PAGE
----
The scary lessons we learned from hacking ourselves

This may seem an unusual thing for a security provider to admit, and it feels a little uncomfortable to us, but we recently uncovered a flaw in our own defences when we staged a security attack against ourselves. And we feel the results are a vital lesson to everyone fighting the cybersecurity battle.

We wanted to understand how our systems would stack up in the face of an attack and, if someone really came at us with malicious intent, whether they would be successful.

To do this, our SensePost experts carried out a horizontal brute force attack, which began with using open source technology, such as LinkedIn, to build a credible ActiveDirectory account of user IDs. They took a series of commonly used passwords and tried them out across the entire list of users – and found a match that provided access to one user.

Running that user’s credentials, they were able to gain a list of all active users, against which they again ran the passwords and managed to gain access to an administrative user. They then used a tool called Mimikatz – which was used in the infamous WannaCry hack – to extract cache credentials for the domain administrator.

So essentially, using a list of example passwords, they were able to hack into a domain admin’s account in less than a day.

The perils of passwords

This may sound shocking – indeed our management was shocked at the ease with which this occurred – and the assumption was that people were using insecure passwords. But on the contrary, the passwords used met suggested levels of security credentials – the vast majority were between 8 and 12 digits long and used combinations of letters and numbers and capital letters.

The passwords weren’t cracked because they were weak, but because they used formats that were predictable. Our data tells us that one in three passwords (32%) starts with a capital letter and ends in a number, around one in seven ends in two numbers (15%), one in eight (12%) contains a year and one in every 11 passwords ends in three numbers (9%). The high likelihood is that I’ve just mentioned a format that you use for at least one of your logins to one of your many online accounts.

Cybercriminals are well aware of this, and use this information to build templates that form the basis of highly targeted attacks. In fact, the actual password our attacker was able to crack was ‘rte6cdeiP,’ which was far from simple and wouldn’t get you fired in the real world. But this serves to highlight how important it is to have segmentation or detection in place to prevent an attacker from running amok.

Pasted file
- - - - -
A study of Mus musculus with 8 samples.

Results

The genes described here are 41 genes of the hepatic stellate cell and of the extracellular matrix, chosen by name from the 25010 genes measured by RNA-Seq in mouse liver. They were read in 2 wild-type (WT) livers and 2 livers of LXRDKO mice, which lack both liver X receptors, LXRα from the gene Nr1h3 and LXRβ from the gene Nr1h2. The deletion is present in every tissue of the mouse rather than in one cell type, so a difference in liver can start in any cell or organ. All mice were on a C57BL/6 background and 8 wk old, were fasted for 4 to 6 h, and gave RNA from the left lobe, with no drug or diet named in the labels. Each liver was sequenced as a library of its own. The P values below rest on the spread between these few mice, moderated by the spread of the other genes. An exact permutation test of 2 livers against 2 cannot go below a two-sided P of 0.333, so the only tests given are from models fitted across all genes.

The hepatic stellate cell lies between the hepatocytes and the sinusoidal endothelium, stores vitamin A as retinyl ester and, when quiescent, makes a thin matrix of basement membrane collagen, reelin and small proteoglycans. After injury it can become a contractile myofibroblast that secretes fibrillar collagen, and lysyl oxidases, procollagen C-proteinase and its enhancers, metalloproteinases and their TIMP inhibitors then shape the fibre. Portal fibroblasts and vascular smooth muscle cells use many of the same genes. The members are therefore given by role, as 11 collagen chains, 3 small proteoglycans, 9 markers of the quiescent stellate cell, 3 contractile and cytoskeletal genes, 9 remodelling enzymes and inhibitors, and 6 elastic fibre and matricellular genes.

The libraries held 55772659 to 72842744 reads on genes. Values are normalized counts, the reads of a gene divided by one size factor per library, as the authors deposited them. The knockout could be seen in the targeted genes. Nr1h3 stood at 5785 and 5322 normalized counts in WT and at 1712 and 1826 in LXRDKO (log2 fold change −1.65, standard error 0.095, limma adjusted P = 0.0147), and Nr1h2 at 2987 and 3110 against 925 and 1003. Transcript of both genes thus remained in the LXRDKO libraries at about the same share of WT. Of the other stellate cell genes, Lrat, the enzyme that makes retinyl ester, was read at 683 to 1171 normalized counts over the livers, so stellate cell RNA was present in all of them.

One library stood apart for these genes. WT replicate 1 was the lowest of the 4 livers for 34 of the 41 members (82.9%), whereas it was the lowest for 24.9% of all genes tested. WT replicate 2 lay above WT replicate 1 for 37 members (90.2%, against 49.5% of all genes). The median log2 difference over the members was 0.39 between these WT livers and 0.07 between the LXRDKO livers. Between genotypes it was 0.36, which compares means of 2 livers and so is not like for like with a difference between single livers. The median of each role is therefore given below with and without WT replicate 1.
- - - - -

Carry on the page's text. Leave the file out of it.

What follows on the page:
Let down by legacy

Potentially the scariest thing we’ve taken away from this experiment was the threat that unused, seemingly harmless legacy technology can pose. That old computer that’s been sitting collecting dust in the corner for three years? It could be an attacker’s route into your critical systems and data.

Our faux attacker was able to find a machine with legacy vulnerability, an old ticketing system that had been replaced had no data on it, wasn’t being used and was disconnected from the environment. This mitigated the attacker’s ability to steal data from the machine itself, but that wasn’t their intent – more worryingly, it enabled them to elevate their privileges across the domain.

Our data tells us nearly two-thirds of cyber-attacks (64%) will have a high or critical vulnerability, and on average it takes one of our highly skilled analysts three days to discover it. When a customer implements the advice we apply in one of our assessments, it takes them 21 days to find a vulnerability – which is a huge improvement.

These unpatched vulnerabilities can come back to bite you so, no matter how inconsequential you feel a machine may be, always ensure you remove the threat.

Discovering a common threat

We also went through a controlled experiment to breach the server using Microsoft DDE, which wouldn’t normally work on our system, so we faked it a little to evaluate how our detection technology would work.

It began with an email containing a Word document with an embedded DDE object, which allowed the attacker to reach out to and evoke external data sources or command objectivity. It popped up a common ‘end of formula’ message box and messages about whether you want to enable editing, from which hitting yes triggered a download of PowerShell that gives them full remote command and control of the machine.

This was detected as DDE isn’t permitted and we were able to monitor a change in the registry, which offered a first clue that a machine was vulnerable. We also picked up that the machine was attempting to ‘talk out’ to an external source, and the use of PowerShell to communicate with the command and control centre.

While these events may have hurt our ego a little, we believe they are vital learnings for all businesses in how vulnerable you could be to attackers. Every single war game of this type that we are involved in provides value for us and enables us to make improvements, enhance our systems and techniques, and provide even more value to our customers.

Find out how we can help you understand the risks your business could face by carrying out a Security Assessment Report.